I haven’t often responded well to praise in the past— and until recently I thought this was entirely my fault. However, I see now that there are common problems with the way that praise is usually given. This page outlines what’s usually amiss, and suggests how we can do better.

The following is excerpted from How to Talk So Kids Will Listen & Listen So Kids Will Talk, which has been able to precisely outline the difficulties I’ve had with how praise is typically communicated.

For each situation below, feel out what your inner reaction would be if it occurred to you.

Situation I: You have an unexpected guest for dinner. You heat a can of cream of chicken soup, add some leftover chicken, and serve it over Minute Rice.

Your guest says, “You’re a great cook!”

What would your inner reaction be? Pause before reading on.

Situation II: You just changed out of your sweater and jeans into a new outfit to go to an important meeting.

An acquaintance approaches you, looks you over, and says, “You’re always so beautifully dressed.”

Your inner reaction?

Situation III: You’re taking an adult-education course. After a lively class discussion in which you participate, another student comes up to you and says, “You have a brilliant mind.”

Your inner reaction?

Situation IV: You’ve just started learning how to play tennis and, hard as you try, you still aren’t making any progress with your serve. The ball usually goes into the net or off the court. Today you’re playing doubles with a new partner, and your first serve lands where you hope it will.

Your partner comments, “Hey, you’ve got a perfect serve.”

Your inner reaction?

You’ve probably discovered for yourself some of the built-in problems of praise. Along with some good feelings can come other reactions:

  • Praise can make you doubt the praiser. (“If she thinks I’m a good cook, she’s either lying or knows nothing about good food.”)
  • Praise can lead to immediate denial. (“Always beautifully dressed! . . . You should have seen me an hour ago.”)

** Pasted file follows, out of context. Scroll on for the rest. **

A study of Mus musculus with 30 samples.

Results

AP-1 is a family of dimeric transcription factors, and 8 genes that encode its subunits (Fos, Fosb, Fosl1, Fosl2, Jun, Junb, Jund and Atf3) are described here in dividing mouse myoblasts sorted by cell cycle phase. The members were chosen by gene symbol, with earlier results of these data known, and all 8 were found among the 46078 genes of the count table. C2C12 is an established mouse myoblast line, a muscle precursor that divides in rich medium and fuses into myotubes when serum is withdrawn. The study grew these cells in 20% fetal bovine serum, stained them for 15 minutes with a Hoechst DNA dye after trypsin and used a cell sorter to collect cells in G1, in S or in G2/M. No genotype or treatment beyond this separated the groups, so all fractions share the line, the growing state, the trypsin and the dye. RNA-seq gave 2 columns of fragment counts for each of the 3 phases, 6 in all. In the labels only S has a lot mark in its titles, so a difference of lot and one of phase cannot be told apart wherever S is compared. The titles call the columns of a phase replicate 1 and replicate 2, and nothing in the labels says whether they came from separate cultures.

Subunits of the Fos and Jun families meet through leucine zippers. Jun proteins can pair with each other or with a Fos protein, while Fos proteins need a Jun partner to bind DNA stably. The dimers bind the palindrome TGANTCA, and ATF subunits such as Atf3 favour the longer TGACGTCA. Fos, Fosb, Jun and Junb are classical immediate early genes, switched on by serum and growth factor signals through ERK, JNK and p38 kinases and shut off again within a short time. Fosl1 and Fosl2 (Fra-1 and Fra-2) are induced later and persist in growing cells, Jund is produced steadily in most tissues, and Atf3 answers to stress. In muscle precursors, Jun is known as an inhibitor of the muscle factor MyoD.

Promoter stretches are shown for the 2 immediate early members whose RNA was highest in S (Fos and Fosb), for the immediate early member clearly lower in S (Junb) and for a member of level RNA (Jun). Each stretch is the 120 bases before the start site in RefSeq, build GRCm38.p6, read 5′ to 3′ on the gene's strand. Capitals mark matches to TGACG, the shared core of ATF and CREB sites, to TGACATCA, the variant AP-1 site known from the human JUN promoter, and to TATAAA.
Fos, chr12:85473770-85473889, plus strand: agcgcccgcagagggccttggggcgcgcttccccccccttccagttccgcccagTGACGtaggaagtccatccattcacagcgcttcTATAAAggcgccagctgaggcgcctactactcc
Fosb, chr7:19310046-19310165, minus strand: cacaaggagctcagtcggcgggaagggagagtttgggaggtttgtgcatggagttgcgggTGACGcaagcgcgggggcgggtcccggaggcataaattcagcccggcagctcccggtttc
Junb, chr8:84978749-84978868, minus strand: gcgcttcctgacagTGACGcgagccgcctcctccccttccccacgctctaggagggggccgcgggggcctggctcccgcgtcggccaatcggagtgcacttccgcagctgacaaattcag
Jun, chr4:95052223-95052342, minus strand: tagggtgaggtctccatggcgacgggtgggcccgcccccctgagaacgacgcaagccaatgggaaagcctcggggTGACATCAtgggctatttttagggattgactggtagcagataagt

• Praise can be threatening. (“But how will I look at the next meeting?”)
  • Praise can force you to focus on your weaknesses (“Brilliant mind? Are you kidding? I still can’t add a column of figures.”)
  • Praise can create anxiety and interfere with activity. (“I’ll never be able to hit the ball like that again. Now I’m really uptight.”)
  • Praise can also be experienced as manipulation. (“What does this person want from me?”)

I remember my own frustrations whenever I tried to praise my children. They’d come to me with a painting and ask, “Is it good?”

I’d say, “What a beautiful painting.”

They’d ask, “But is it good?”

I’d say, “Good? I told you it’s beautiful . . . fantastic!”

They’d say, “You don’t like it.”

The more extravagantly I praised, the less I got through. I never understood their reactions.

After my first few sessions with Dr. Ginott, I began to realize why my children rejected my praise as fast as I gave it. He taught me that words that evaluate—good, beautiful, fantastic—made my children as uncomfortable as you probably felt in the exercise you just did. But, most important, I learned from him that helpful praise actually comes in two parts:

  1. The adult describes with appreciation what he or she sees or feels.
  2. The child, after hearing the description, is then able to praise himself.

I recall the first time I tried putting that theory into practice. My four-year-old came home from nursery school, shoved a page of penciled scribble under my nose, and asked, “Is it good?”

My first reaction was an automatic “Very good.” Then I remembered. No, I’ve got to describe. I wondered, How do you describe scribble?

I said, “Well, I see you went circle, circle, circle . . . wiggle, wiggle, wiggle . . . dot, dot, dot, dot, dot, dot, dot, and slash, slash!

“Yeah!” he nodded enthusiastically.

I said, “How did you ever think to do this?”

He thought awhile. “Because I’m an artist,” he said.

I thought, “It’s a remarkable process. The adult describes, and the child really does praise himself.”

Faber, Adele; Mazlish, Elaine. How to Talk So Kids Will Listen & Listen So Kids Will Talk (The How To Talk Series) (pp. 178-180). Scribner. Kindle Edition.

Yes, this example is silly, but nonetheless doesn’t descriptive praise feel so much better than praise that evaluates?

For example, here’s how I might redo the praise in situations I-IV above:

  • “You’re a great cook!” → “I think the rice balances the flavor of the chicken quite well”
  • “You’re always so beautifully dressed.” → “That belt is perfect with your shoes”
  • “You have a brilliant mind.” → “The comment you made on X surprised me because…”
  • “Hey, you’ve got a perfect serve.” → “That was a well-placed serve”

(These substitutions are by no means ideal though.)

Note that descriptive praise is difficult to produce! It requires a surprising effort to observe a performance closely enough to be able to pick out specific parts like this. But this just makes the praise more meaningful: the recipient knows that you’re giving your full attention.

While this book is nominally about parenting, I believe this style of communication applies much more generally. For more, read the book or listen to the audiobook. (As an Amazon Associate I earn from qualifying purchases.)